DUBAI: There has long been a strong cultural link between Latin America and the Arab world. Hundreds of thousands of people from the Levant have emigrated to Latin America over the past 150 years.
It's no wonder, then, that when Lebanese animator Louaye Moulayess began work on “Encanto,” Disney’s latest musical, he saw in the film’s large, diverse Colombian family a reflection of his own.
“The biggest thing that I connected with in this project is that I have a really big family in Lebanon,” Moulayess tells Arab News. “It really made me question the relationships I have with my own family, and how well I know them, and how well they know each of us. With the lead character of Mirabel, I kept thinking of my oldest cousin back in Lebanon, Louisa. She carries a lot of weight and responsibility. A lot of the characters made me think about each of my own family members, and what they're going through. Each character in their family reminded me of one in mine.”
Moulayess and his family connected with Latin American culture a while back, he explains, thanks to the telenovelas that have proved so popular in the Arab world.
“Growing up, I remember my parents, my mom and my aunts and I watching a lot of (those) in Lebanon. One of the key songs in the film, ‘We Don’t Talk About Bruno,’ reminds me a lot of those shows,” says Moulayess.
Part of Moulayess’s job is to film ‘reference shots’ — acting scenes out physically in front of the camera so those performances can be animated to match each character’s movements. As a result, Moulayess has to get into the heads of each character, including the film’s lead, Mirabel.
“Obviously, I'm not built like Mirabel. But I had to learn to move like her, even though I’m always questioning my acting choices. We had a lot of meetings to make sure we were as truthful and respectful to the culture and the character as possible,” says Moulayess. “We had to ask ourselves, ‘Who is she? She’s quirky, she’s funny, she’s sad, but is she happy? What’s going through her mind?’ I had to get into her head in each moment, feel what she’s feeling, and try to emulate that.”
In “Encanto,” Mirabel is the only non-magical member of a magical family, in which each person has a unique ability. While the film centers around her struggles to find something special in herself, we get to see how each member of the family has their own identity crises, even those who appear perfect on the surface.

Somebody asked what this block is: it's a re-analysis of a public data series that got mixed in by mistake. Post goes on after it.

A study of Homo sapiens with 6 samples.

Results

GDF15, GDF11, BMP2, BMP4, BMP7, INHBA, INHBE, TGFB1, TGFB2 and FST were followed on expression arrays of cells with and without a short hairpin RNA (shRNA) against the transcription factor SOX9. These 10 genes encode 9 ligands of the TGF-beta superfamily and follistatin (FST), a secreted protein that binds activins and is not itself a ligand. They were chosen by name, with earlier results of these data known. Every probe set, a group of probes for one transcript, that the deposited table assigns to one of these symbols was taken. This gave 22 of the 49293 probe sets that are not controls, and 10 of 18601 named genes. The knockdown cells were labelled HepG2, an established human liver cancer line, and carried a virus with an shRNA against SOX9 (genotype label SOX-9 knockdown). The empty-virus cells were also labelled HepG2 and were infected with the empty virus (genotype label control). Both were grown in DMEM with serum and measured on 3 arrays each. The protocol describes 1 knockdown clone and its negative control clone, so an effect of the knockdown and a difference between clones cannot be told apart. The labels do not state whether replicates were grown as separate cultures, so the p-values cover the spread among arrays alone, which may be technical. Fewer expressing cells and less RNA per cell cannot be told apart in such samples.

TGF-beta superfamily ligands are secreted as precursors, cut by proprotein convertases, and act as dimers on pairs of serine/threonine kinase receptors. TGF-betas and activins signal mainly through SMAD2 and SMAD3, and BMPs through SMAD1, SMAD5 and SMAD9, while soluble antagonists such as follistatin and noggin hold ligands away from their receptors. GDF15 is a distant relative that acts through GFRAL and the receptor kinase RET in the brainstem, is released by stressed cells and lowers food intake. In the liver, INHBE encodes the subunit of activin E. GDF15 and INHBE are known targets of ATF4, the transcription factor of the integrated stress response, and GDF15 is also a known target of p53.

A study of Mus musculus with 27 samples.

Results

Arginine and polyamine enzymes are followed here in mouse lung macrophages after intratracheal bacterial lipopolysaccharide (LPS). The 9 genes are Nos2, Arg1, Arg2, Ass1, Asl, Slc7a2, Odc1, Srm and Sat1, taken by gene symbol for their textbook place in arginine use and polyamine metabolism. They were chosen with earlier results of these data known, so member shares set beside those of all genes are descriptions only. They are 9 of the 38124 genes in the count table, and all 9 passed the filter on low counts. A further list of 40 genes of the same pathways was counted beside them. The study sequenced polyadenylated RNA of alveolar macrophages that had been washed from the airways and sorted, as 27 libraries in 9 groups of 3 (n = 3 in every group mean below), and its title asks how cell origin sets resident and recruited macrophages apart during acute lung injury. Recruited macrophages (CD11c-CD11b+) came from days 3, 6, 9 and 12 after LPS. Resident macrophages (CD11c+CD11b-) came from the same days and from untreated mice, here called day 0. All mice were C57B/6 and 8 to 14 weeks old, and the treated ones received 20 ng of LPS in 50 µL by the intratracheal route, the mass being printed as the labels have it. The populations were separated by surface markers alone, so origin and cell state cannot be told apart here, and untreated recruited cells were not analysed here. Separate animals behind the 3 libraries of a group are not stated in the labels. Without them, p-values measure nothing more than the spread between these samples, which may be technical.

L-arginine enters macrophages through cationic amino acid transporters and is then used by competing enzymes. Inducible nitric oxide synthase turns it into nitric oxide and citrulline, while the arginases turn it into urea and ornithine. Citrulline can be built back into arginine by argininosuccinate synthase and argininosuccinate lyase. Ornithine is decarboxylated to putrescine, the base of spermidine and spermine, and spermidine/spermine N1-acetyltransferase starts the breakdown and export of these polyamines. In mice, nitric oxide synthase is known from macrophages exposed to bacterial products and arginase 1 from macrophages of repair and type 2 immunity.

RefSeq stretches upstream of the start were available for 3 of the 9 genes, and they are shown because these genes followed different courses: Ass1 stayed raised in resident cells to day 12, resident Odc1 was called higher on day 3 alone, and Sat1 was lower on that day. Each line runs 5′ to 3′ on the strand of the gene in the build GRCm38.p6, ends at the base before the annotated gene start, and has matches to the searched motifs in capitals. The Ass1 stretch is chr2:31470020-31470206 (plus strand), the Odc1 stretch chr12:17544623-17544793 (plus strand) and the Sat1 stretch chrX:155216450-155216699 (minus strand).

Each member of the team, each from a different background, found something to connect with, including the Tony-, Grammy- and Emmy-winning songwriter Lin Manuel Miranda, who composed the songs.
“Anyone who has grown up in any family understands the tension of how you see yourself versus how your family sees you, and how that grows and changes over time,” Miranda tells Arab News. “That is multiplied by your siblings, and your aunts, and your uncles, and your cousins, and the ways in which you interact with all those folks. That’s all meaty stuff to write about. I don't think there’s a person who can go to this movie and not identify with a character up on that screen,” says Miranda.
For the song “Pressure”, about the older sister seen as the strongest member of the family, Miranda, director Jared Bush, Moulayess and the rest of the team each could find a member of the family that they used to understand the character, and, in reverse, that song helped them understand better.
“That song was both my love letter and apology to my older sister,” says Miranda. “Looking at it as a parent, you make all your mistakes on the first kid, they inadvertently always bear more responsibility than their younger siblings. To write from that perspective was kind of incredible. It reflects my sister in the sense that it's the toughest exterior in the family, and then actually the most sensitive underbelly underneath.”
“All of our research was really our own families,” says Bush. “We found these archetypes were true all over, such as the black sheep of the family, or the golden child, or the responsible one, or the mom who heals with her food. All of these things felt very familiar to us, and very relatable, Universally, around the world, we found these archetypes held true.”
“This was honestly a joy to write, from start to finish,” Miranda says. “I can't wait for families from all over to see themselves reflected up on that screen,” says Miranda.